Nicely Made in China today presents a non-traditional furniture designer: Marianne Friese, owner and designer of Malilian. German by birth Marianne arrived in China in 2001. Since 1988 she has been leading two lives: consultant and communications specialist 12 hours a day she turns into a sofa designer the other 12. NMiC caught her in the sweltering warehouse of the Beijing master upholsterer she works with where she was checking the quality of her latest creations before delivering them personally to their new homes.
Marianne, how did this all begin?
My first sofa was made in 1988 in Los Angeles where I was living. I wanted to buy one for my home and could not find anything I liked. A friend introduced me to a Mexican furniture maker who accepted to make a sofa for me following my own design and specifications. That’s how it all started. The sofa then followed me from California Germany and later to China and is now sitting in my Jianwai Soho office. I have never stopped designing soft furniture – sofas and armchairs – since.
How do you create your pieces?
It is a never-ending three-part process: First I collect materials whenever I travel. I always save a couple of days for researching materials on markets or wherever I find myself. I love to touch and feel different materials: felt from Mongolia, rabbit fur, guinea fowl feathers, camel hair etc… I am a very tactile person. I usually buy 3 times as much as I really need so I always have a wide variety of textile and bits and pieces at hand.
Secondly, I come up with an idea for a piece or a customer places an order – each piece I create is unique -. When I work on a piece for a specific customer I meet with the person in her home and ask her to describe the usage and what she’d like to do on it or with it or in it. I think that the connectivity to the room where the piece of furniture will be is important. Then the person describes what type of material they like – silk, fur, felt maybe – and what kind of color or pattern they would like. The third part is scouting with an idea already in mind for more cloth and materials. My creations today are a total mix of Californian, Mexican, European and of course since I am in China, Asian influences. The German input is felt in the production process: everything is made as well as it possibly can -the Chinese upholsterers I work with are excellent- and also in the robustness and comfort of the sofas and armchairs.
It seems that you have a very personal relationship with your clients. Can you tell NMiC readers a little bit more about this side of your business?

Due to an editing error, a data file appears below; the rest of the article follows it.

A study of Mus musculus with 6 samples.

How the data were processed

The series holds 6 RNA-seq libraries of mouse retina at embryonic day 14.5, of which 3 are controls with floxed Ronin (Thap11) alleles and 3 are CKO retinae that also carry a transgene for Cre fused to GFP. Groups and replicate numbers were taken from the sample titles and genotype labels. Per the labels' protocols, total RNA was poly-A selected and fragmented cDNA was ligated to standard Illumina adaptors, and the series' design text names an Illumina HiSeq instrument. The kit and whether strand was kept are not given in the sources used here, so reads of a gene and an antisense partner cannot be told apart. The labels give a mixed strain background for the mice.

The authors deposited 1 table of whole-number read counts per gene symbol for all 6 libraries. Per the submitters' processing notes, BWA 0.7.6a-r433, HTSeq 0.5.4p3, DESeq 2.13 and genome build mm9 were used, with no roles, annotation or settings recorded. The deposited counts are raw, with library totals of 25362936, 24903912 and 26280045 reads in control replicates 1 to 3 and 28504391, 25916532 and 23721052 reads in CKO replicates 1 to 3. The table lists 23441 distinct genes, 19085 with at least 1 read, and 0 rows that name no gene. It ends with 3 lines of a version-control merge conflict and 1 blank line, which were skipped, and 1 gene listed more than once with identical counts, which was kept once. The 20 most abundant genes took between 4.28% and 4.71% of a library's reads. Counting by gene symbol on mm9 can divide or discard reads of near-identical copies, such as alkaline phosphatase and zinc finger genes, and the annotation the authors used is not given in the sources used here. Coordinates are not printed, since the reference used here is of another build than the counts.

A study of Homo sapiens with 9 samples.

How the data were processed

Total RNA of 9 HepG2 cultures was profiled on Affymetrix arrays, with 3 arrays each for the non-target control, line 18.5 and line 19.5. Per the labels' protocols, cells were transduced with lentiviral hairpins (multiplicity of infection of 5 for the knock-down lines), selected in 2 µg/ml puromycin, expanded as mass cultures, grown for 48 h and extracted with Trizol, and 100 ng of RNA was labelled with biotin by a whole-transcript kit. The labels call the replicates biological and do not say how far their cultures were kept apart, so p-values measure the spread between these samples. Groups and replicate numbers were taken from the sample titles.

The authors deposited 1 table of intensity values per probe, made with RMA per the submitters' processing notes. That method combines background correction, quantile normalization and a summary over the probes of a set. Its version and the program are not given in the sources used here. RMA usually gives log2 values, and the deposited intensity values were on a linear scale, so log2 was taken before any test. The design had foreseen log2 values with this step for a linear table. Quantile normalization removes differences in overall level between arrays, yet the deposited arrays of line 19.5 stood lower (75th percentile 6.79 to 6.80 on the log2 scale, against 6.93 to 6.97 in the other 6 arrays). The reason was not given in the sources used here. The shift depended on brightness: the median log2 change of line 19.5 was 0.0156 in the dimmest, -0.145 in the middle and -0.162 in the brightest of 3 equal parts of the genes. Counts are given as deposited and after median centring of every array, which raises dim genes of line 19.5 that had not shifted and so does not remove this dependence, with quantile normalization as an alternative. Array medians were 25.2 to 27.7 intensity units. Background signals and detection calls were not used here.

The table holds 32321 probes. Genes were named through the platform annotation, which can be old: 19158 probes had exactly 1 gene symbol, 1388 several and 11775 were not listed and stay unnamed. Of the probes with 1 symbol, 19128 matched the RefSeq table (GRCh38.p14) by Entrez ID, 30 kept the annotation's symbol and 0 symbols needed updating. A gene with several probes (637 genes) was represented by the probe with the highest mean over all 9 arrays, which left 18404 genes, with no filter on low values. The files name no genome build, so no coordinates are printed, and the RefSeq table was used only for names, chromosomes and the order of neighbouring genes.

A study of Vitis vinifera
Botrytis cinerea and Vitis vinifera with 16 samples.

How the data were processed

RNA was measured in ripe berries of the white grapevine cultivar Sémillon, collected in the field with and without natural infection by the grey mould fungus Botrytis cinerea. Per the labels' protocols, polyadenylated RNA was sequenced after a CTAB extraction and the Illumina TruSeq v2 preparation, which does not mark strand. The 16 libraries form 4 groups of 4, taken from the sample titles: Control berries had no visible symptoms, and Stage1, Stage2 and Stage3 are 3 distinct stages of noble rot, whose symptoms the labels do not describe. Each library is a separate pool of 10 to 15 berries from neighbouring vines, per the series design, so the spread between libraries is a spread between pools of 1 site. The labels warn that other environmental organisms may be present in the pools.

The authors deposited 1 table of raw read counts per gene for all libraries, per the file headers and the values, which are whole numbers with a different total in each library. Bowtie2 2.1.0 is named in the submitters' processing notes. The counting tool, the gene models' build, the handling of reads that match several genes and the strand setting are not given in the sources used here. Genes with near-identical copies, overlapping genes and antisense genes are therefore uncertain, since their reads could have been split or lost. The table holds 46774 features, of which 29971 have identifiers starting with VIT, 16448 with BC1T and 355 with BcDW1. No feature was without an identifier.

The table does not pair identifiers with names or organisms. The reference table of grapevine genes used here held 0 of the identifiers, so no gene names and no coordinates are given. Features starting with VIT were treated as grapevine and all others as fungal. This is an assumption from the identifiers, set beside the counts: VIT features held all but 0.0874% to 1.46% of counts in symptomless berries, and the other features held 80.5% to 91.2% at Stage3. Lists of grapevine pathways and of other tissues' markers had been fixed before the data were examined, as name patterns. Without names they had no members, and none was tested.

Yes, I end up knowing them rather well after all these discussions on what they like and what they don’t like. I want them to have an active part in the creative process and even though they have only a vague idea of what the piece will look like in the end, it is a journey that so far, people have enjoyed making. I actually say that my sofas and armchairs have found a new home.
Do you have a story you could share with us?
A few years ago an Australian family commissioned me to design and produce sofa covers for an existing set they had. They wanted it family / children friendly. So I brought back from Bali a beautiful design made using the ikat technique, a complex pattern weaving technique which involves dyeing the threads in sequences for a specific pattern before they are woven. I visited this family at home and realized that the first thing you’d see as you entering the living room would be the back of the sofa. So what I did is that I lined the cover with a thick piping on the top and with the big paper clips to hold the children’s drawings I turned the back of the sofa into a gallery wall- at the children’s eye level -for everyone to see.
How long does it take from the first sketch to delivery and how much does it cost to have a custom piece made?
It takes between 3 to 6 weeks and prices start at 19,000 rmb (US$ 2804 / € 2215 / £ 1856 / AU$ 3218 – July 9th’10) + cost of shipping + customs tax + tax when and where it applies.
Where can NMiC readers order?
Marianne Friese: +86 137 01101406
On the website you can also buy pieces which I created with no specific customer in mind, all unique of course.
NMiC wishes to thank the photographer Hans Schlupp for letting us use his pictures.